Evidence in Drug Crime Cases

Nashville Lawyer Defending People Against Narcotics Charges

If you have been arrested for a Tennessee drug crime, you may be anxious or uncertain about the outcome and potential consequences. It is important to remember that the legal standard needed for an arrest or criminal charge is much lower than a conviction. To get a conviction, the state must have sufficient evidence in drug crime cases to prove that you are guilty beyond a reasonable doubt. Nashville drug crime lawyer Bernie McEvoy has decades of experience defending drug cases and understands the evidence commonly used by prosecutors. He can provide guidance to people facing charges for drug crimes in Davidson and Williamson Counties.

Evidence in Drug Crime Cases

Tennessee and federal drug laws cover a wide-range of conduct involving drugs classified as controlled substances. The required evidence in drug crime cases depends primarily on the specific crimes alleged against the defendant. In all criminal cases, the burden is on the prosecution to produce sufficient evidence of each element of the alleged offense at trial. The legal standard for a drug crime conviction is high. To prove beyond a reasonable doubt that the defendant committed the alleged drug crimes, the prosecution must have strong evidence. The defendant has the right to present their own evidence and rebut the prosecution’s evidence, but is not required to do either to avoid a conviction. If the defendant asserts a defense to a drug charge, however, the defendant typically has the burden to present evidence or proof that it applies.

Evidence Collection

In many drug crime cases, key evidence is gathered in a police search of the defendant’s home, car, storage unit, or other location. Evidence of illegal drugs, large amounts of cash, weapons, and drug paraphernalia are some of the items that may be seized in a drug crimes case. In some cases, a K-9 unit or drug sniffing dogs may have been used to detect the presence of drugs. It is important to note that every person has a constitutionally protected right to freedom from unreasonable government searches and seizures. As such, there are constitutional protections and laws that govern how evidence may be collected and used against a person.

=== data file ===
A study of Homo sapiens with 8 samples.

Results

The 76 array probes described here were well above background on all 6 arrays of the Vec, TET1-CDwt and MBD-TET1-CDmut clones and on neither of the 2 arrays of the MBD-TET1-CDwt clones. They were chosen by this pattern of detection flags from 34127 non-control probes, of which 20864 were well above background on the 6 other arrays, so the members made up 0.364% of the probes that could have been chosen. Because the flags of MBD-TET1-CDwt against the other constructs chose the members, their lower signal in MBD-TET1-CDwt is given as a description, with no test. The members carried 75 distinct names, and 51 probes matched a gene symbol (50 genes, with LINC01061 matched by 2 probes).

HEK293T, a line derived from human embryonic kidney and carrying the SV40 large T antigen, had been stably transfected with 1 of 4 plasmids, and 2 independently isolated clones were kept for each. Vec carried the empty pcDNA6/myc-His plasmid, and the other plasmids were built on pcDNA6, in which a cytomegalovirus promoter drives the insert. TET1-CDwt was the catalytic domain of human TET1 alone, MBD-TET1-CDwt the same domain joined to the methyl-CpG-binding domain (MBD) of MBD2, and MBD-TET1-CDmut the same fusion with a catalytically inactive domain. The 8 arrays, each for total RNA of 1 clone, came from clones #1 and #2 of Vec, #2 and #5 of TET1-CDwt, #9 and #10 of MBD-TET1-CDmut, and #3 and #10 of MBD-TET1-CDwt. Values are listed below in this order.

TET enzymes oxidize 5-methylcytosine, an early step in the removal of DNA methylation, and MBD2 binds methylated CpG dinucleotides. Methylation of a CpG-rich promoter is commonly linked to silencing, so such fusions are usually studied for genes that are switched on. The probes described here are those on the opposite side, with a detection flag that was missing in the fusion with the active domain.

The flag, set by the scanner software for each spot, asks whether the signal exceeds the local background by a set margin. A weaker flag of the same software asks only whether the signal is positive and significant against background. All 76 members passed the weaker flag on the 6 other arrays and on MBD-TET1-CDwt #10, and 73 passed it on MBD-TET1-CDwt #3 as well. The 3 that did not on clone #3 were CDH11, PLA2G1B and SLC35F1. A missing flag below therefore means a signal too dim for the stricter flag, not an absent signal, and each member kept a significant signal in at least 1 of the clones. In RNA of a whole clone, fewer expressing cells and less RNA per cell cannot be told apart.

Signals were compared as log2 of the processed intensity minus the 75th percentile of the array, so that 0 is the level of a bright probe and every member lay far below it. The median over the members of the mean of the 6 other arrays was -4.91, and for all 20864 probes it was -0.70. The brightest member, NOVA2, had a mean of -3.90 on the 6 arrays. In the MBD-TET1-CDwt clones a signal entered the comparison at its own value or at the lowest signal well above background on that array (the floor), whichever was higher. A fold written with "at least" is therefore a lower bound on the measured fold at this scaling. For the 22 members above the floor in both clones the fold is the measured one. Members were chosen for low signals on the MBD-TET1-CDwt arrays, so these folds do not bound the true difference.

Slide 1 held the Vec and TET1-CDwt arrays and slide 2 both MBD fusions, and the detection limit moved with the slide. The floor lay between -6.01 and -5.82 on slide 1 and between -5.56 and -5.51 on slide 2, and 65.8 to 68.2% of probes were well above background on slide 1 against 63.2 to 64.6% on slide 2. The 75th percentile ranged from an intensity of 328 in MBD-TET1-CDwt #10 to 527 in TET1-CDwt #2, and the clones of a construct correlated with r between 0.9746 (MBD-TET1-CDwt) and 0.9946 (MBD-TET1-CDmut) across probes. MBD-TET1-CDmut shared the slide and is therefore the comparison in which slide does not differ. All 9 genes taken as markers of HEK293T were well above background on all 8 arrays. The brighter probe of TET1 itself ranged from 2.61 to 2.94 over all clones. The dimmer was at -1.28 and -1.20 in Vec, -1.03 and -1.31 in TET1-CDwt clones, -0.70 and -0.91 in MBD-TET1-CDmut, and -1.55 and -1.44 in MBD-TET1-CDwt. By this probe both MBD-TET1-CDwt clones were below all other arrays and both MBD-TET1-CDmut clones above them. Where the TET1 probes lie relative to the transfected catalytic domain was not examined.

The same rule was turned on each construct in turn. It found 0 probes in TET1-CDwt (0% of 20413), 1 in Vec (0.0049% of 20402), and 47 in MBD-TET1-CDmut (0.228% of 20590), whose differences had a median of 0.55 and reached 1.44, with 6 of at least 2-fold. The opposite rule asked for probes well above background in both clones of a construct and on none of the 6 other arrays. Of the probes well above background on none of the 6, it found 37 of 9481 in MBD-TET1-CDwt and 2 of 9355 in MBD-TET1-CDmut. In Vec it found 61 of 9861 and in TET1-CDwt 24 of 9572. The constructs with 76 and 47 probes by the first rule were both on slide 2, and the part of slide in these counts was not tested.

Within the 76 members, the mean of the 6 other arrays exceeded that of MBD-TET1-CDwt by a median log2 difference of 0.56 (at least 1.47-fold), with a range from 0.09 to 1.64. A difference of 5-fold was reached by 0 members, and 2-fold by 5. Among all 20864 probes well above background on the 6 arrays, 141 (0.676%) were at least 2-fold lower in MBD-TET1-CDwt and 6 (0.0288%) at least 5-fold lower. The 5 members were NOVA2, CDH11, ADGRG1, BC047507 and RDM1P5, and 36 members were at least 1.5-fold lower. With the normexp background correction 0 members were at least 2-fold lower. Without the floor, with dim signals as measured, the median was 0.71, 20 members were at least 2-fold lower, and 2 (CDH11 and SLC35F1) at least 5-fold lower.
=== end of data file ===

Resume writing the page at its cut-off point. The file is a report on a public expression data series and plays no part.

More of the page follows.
The police can conduct a lawful search for drugs in several different ways, but the two most common are with the voluntary consent of the appropriate person, or with a search warrant. If drug evidence was collected in a search made by police without a warrant or consent, or in a search that was otherwise unconstitutional, the defendant may object that the evidence is not admissible at trial.

Obtaining the alleged drugs is often essential to the state’s case. Proof that a drug is, in fact, a controlled substance is an element of almost every Tennessee drug offense. Typically, the substance is tested in a lab to determine its composition. For the results to be admitted as evidence, the prosecution must establish that the sample was properly handled through an unbroken chain of custody.

The testimony of witnesses is also considered evidence in a drug case. Testimony from the arresting officer, other individuals who witnessed the alleged drug offense, or expert witnesses may by used by the prosecution to establish an element of the crime. Although the defendant is not required to testify at their trial, a confession or other statements made outside of court may be admissible, depending on the circumstances.

Seek the Advice of an Attorney in Nashville

A lawyer can answer your questions regarding evidence in drug crime cases and object to evidence that has been obtained illegally. Attorney Bernie McEvoy is dedicated to protecting the rights of defendants prosecuted for alleged drug crimes, such as possession, possession with intent to sell, trafficking, and manufacturing, DUIs, domestic violence, and other serious offenses. Mr. McEvoy can assist people located in Nashville, Franklin, and areas throughout Davidson and Williamson Counties. Request a free consultation to discuss your case by calling (615) 255-9595 during daytime hours or (615) 804-8779 on evenings and weekends, or contact us online.